Last week downtown Austin music venue Holy Mountain announced it will close its doors this fall because of rising rent prices. Advocates say more music venues will begin to fall as Austin rents increase — the club's neighbor Red 7 is also staring down a rent hike. So some Austinites and out of town music-boosters are floating a solution.
A 500-plus signature petition on change.org is proposing a simple solution to the Austin City Council: rent control.
But that solution, as idyllic as it may sound, is too good to be true in Austin — and the entire state of Texas, for that matter.
According to David Mintz with the Texas Apartment Association, cities in Texas can only establish rent control after a natural disaster — when homes have been destroyed and people are trying to find affordable places to live. And, even then, it’s only temporary and doesn't apply to commercial properties.
So the 509 folks who are hoping to save Austin’s music scene through rent control laws are out of luck, “no matter how many signatures we got on that petition,” says Jennifer Houlihan, executive director of Austin Music People. She says that while rent control isn’t an option, the petition represents a larger change.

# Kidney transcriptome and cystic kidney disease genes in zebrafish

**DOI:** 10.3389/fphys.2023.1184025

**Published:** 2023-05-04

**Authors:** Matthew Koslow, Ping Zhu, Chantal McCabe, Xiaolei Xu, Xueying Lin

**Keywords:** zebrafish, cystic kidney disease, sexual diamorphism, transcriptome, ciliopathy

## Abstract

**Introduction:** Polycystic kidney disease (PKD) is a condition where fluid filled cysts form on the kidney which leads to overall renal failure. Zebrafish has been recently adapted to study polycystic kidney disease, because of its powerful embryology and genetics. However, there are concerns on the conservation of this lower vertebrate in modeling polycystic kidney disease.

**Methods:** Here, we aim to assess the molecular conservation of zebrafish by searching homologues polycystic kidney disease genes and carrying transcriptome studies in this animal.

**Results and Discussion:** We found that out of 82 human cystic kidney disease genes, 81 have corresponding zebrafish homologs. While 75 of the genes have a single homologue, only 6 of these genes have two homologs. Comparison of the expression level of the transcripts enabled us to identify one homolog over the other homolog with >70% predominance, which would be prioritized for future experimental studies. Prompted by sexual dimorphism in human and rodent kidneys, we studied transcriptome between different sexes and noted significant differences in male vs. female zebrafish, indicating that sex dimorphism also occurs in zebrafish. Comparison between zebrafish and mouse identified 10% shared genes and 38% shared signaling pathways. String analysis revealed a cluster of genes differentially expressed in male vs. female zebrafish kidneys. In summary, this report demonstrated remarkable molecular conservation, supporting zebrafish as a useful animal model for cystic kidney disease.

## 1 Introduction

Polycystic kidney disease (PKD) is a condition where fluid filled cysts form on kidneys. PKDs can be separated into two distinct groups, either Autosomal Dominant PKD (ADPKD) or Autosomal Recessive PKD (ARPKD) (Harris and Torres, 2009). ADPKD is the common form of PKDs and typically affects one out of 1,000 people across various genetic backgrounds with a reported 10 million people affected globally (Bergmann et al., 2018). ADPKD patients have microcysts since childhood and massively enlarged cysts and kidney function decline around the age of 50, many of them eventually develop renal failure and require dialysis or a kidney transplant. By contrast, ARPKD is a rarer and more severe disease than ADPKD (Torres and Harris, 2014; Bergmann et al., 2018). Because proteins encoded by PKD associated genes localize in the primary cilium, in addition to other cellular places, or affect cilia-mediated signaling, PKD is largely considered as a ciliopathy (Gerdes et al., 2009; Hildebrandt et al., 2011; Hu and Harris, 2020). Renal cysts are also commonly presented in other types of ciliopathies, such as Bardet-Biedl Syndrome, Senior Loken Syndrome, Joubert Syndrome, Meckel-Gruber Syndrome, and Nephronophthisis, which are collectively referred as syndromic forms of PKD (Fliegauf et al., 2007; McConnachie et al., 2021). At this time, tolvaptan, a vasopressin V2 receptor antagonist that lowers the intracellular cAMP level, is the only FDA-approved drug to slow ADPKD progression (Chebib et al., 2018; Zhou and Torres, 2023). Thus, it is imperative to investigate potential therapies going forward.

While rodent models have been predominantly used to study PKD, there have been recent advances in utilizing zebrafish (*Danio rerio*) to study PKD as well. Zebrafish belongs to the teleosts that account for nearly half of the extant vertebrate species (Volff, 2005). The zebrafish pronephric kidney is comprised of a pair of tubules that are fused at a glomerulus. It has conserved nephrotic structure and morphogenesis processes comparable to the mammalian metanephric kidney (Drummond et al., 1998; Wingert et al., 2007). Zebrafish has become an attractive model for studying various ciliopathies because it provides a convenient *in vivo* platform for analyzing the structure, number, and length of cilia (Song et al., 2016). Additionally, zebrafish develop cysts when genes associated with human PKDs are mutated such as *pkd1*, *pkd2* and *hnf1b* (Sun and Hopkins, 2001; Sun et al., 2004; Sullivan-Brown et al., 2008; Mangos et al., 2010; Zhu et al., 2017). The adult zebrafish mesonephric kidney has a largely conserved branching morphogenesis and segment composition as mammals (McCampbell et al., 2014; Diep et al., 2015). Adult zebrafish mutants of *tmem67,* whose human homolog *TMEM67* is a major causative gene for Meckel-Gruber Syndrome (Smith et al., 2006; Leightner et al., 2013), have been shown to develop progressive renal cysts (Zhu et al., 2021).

“Austin’s music fans and its artists and its music businesses are ready to become engaged in the civic process at a higher level than before," she says.
Houlihan says some feasible ways of doing this include changing the city’s permitting process and finding other ways to preserve local venues.
The city released its first comprehensive music census last month, and it found that many of the artists who make Austin the “Live Music Capital of the World” are actually struggling to meet the increased costs of living here.
Houlihan and Austin Music People will present research detailing how city policy could be changed to protect the live music scene on July 29 at Holy Mountain, which, as of now, is set to close its doors for good two months later.